Mothers of the Mentally Ill

By Penny Perry


She clutches my hand. “I’m glad
it’s me. Not you. I was worried
you would lose your daughter.”
I cry into her shoulder.
My purse drops.

Evening sun floods the church,
haloes Barbara’s dark hair,
turns Jesus on the cross the rose
and gold of Limoges.

She strokes her son’s cool forehead,
his tweed jacket, his father’s blue tie,
the rosary twined in his fingers.
In his coffin, he looks as if he’s smiling,
thinking of his next Coke,
his next cigarette.

Tall candles. Incense.
Perfume from stocks and roses.
Women in dark dresses,
our friends, the mothers we met
in the waiting room, fill the pews.

Barbara’s hand, soft as pastry,
under mine. “He wasn’t even safe
in the hospital. They tried to heal him.
Killed him instead.”

Twilight. A woman plays a hymn
on the piano.
My purse on the carpet starts to hum.
My daughter is calling.
Barbara slides her chair closer
to the coffin.



About Penny Perry

PennyPerryKateHardingMugPenny Perry is a six-time Pushcart Prize nominee in poetry and fiction. Her work has appeared in California Quarterly, Lilith, Redbook, Earth’s Daughter, the Paterson Literary Review and the San Diego Poetry Annual, among others.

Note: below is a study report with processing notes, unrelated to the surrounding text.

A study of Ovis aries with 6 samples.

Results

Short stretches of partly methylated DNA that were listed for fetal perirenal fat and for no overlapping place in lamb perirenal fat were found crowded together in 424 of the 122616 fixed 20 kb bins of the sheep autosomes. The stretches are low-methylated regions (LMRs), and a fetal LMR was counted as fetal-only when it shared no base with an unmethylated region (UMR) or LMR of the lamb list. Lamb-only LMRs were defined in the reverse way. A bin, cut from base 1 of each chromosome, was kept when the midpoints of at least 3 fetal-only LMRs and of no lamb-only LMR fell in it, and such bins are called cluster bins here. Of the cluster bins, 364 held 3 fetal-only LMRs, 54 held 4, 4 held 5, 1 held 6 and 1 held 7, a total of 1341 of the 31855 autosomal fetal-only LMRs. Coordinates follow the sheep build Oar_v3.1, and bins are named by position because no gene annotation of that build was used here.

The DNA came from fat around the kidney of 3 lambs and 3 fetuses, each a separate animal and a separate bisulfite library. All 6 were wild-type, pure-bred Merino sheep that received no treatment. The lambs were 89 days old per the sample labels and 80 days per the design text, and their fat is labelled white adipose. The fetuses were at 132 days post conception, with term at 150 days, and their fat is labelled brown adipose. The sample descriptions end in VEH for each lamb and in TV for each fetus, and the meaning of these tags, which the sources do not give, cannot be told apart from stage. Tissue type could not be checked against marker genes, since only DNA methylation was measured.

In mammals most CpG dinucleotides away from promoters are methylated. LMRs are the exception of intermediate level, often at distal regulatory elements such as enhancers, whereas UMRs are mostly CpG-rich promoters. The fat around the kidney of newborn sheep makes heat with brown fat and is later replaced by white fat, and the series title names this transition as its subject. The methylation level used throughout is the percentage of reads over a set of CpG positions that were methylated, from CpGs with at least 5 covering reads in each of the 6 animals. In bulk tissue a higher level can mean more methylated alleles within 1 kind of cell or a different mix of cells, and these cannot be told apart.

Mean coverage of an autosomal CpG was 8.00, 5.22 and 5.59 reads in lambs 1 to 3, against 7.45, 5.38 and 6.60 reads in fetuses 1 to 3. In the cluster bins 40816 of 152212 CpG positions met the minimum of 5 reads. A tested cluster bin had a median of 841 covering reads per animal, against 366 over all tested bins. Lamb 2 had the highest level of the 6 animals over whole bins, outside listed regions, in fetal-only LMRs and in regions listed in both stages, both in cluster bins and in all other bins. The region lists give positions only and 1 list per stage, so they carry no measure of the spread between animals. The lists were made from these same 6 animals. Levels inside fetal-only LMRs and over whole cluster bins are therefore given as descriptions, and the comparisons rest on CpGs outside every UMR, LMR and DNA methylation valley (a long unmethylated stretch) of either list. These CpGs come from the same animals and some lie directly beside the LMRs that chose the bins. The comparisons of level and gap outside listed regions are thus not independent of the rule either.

Her first collection of poems, Santa Monica Disposal & Salvage (Garden Oak Press, 2012) earned praise from Marge Piercy, Steve Kowit, Diane Wakoski and Maria Mazziotti Gillan.

She writes under two names, Penny Perry and Kate Harding.

Photo Credit: Alaska Carter via a Creative Commons license.


    Thank you for this beautiful poem! It is stunning in so many ways. Part of its power lies in what sunk in only after the third reading: the realization of the complicated feelings of losing a child who has been a package deal of blessing and trial, the unwitting sculptor of an entire family in ways only those who live it can understand. I didn’t cry until the end, when Barbara “slides her chair closer to the coffin.” But then the implications of that ringing phone set in and the tears stopped as if a glass of water had been splashed in my face.